Within 48 hours of the 7/7 bombings in London in 2005, in which four suicide bombers killed 52 innocent people on their way to work, we were already getting intelligence details of the brutal attack.
They were leaks, and they came not from British security sources, but from American ones.
I was in London at the time, and was busy investigating every angle we could uncover about the attackers: who they were, where they had come from, how they had built their bombs.
The information helping us build that picture was coming from Washington and New York.
And we were not alone. An American news network received pictures of unused bombs, apparently recovered from the bombers’ vehicle, which had been dumped at Luton station, just north of London.
The police refused to confirm or deny these “extra” bombs existed.
Traditionally Britain’s intelligence services have been very tight-lipped about any information they have. Very few journalists ever develop sources within their ranks, and they are to a very high degree walled off from even the chance of divulging their secrets.
On issues of national security, Britain’s police too set a high threshold on the details they will reveal. The intention behind this caution is to give them every chance to round up accomplices, keeping the element of tactical surprise on their side.
In 2005 the police didn’t publicly express their outrage that their “cousins” in American intelligence had given away vital details about the investigation.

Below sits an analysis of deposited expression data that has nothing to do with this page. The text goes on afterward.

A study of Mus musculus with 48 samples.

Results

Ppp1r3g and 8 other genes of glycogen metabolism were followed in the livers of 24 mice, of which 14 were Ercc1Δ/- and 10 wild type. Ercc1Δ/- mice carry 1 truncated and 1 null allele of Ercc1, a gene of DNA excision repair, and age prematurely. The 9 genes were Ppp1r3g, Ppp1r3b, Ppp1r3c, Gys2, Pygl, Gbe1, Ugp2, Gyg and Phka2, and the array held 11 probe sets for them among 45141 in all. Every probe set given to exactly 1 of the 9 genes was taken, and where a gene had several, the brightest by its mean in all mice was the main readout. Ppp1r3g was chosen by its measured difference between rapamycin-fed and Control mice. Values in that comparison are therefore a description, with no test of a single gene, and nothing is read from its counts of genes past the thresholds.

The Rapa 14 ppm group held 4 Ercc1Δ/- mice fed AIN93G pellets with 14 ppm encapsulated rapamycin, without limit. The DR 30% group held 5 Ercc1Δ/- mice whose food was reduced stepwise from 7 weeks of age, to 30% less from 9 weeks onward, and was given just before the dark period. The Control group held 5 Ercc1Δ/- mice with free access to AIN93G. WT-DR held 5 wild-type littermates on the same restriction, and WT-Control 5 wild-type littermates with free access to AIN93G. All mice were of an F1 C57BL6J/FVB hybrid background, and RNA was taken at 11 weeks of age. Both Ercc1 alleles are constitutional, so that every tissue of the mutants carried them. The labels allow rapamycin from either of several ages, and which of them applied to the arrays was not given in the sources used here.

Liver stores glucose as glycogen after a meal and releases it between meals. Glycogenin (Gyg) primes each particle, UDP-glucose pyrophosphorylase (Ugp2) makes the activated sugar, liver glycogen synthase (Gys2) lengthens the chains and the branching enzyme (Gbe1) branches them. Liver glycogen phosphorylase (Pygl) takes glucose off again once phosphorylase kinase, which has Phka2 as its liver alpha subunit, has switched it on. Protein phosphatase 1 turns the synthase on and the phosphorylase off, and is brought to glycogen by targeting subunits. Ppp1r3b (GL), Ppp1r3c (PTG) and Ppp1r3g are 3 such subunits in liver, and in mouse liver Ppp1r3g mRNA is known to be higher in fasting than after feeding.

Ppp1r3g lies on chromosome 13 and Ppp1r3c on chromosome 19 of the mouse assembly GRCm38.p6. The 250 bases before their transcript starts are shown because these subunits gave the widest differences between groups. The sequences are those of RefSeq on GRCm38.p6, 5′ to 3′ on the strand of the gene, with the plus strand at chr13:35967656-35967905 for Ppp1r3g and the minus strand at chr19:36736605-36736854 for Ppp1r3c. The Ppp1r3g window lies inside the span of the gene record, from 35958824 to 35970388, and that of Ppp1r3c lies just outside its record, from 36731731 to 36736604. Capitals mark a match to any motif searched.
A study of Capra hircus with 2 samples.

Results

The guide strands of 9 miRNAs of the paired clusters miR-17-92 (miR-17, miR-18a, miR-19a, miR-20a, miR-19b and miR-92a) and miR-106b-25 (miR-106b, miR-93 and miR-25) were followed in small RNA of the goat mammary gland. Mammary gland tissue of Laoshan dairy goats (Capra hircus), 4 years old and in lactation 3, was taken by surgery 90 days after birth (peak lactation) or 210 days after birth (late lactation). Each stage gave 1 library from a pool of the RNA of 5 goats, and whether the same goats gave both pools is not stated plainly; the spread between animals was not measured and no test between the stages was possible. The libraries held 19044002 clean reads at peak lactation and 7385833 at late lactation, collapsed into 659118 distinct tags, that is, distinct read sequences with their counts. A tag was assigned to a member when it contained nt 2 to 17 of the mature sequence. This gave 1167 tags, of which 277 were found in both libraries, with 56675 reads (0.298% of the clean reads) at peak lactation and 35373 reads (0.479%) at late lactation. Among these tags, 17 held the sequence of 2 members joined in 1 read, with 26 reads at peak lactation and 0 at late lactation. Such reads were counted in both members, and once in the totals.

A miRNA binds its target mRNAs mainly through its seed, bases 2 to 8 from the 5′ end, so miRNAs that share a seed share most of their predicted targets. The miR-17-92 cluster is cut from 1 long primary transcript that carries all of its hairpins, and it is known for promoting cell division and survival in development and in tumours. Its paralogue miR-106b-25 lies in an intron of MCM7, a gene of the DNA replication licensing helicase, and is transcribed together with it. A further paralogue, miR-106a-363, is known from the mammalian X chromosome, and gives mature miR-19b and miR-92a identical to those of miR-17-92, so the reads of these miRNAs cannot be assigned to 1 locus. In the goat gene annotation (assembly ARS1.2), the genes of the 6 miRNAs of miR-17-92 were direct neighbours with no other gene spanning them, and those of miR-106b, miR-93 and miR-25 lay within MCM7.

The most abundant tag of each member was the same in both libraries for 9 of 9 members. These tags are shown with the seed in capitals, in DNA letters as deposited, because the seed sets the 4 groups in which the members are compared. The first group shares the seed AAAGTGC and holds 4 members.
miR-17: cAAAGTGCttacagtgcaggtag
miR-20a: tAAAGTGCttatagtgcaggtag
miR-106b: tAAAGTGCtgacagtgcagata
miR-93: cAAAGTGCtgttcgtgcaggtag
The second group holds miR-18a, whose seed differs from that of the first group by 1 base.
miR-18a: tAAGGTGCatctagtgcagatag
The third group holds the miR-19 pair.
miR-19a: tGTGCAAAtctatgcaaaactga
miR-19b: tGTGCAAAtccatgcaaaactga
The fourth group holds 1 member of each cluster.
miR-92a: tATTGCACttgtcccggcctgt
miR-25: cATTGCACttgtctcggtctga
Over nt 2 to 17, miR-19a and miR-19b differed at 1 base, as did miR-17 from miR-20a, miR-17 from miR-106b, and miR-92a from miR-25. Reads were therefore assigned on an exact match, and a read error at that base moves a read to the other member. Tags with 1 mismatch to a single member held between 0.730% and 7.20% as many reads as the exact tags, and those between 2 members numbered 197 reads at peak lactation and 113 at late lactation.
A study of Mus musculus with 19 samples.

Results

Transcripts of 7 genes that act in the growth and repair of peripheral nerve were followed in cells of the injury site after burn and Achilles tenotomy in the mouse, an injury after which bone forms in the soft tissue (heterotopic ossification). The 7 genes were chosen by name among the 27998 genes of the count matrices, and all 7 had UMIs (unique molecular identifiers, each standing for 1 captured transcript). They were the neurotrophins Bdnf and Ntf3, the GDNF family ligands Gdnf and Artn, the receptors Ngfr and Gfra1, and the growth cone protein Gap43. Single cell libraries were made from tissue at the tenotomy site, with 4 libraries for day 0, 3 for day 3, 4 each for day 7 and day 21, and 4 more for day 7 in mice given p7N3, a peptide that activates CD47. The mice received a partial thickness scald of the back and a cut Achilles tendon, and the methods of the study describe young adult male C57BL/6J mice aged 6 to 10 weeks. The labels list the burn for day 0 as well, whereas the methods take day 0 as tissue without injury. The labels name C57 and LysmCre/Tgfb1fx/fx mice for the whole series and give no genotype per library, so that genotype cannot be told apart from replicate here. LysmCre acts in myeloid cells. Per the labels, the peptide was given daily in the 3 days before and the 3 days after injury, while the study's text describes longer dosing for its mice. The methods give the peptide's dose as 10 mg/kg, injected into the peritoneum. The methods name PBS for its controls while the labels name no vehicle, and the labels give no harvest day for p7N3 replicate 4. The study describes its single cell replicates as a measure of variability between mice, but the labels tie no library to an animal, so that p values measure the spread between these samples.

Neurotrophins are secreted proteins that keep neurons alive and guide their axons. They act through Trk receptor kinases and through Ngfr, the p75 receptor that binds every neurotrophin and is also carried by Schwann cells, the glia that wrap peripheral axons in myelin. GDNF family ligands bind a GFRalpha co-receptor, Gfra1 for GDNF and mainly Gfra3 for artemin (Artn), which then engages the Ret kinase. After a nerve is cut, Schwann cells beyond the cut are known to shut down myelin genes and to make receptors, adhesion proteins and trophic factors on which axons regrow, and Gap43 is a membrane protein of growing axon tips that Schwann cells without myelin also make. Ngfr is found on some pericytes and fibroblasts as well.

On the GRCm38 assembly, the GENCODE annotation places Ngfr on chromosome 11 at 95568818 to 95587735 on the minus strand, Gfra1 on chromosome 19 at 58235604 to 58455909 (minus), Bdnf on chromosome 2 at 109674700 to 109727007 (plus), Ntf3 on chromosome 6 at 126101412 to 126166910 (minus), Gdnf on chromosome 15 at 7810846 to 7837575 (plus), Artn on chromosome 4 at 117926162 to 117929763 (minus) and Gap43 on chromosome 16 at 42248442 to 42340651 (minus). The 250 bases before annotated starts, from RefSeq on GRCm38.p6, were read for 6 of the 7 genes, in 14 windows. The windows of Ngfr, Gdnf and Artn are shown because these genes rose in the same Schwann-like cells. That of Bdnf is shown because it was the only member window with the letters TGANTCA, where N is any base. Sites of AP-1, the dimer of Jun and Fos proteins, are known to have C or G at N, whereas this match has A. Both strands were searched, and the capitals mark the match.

To this day it has never been publicly acknowledged the additional bombs existed – or what they might have been intended for.
The speed and volume of intelligence leaks this time around, in the Manchester investigation, feels faster and greater than following the 2005 attack.
This difference is an indication of both the scale and the interdependence of counter-terrorism operations in the post-ISIS era.
ISIS has drawn far more recruits from far more countries far more quickly than al Qaeda ever managed, and that is putting intelligence agencies at the mercy of each other’s integrity more than ever before.
British intelligence services were quick to contact their American allies to try to figure out bomber Salman Abedi’s recent travels, the answers to their queries came back quickly, and that – of course – is vital to British investigators trying to figure out if another attack is imminent.
Speedy reliance on one’s allies, and being able to share information in situations like this is not an option – it is a necessity.
A necessity which no doubt fuels the frustration and anger Manchester’s police and UK Home Secretary Amber Rudd are feeling: they want to save lives, and they don’t want to feel their efforts are being compromised.
But they are not the first to feel let down – it has happened before.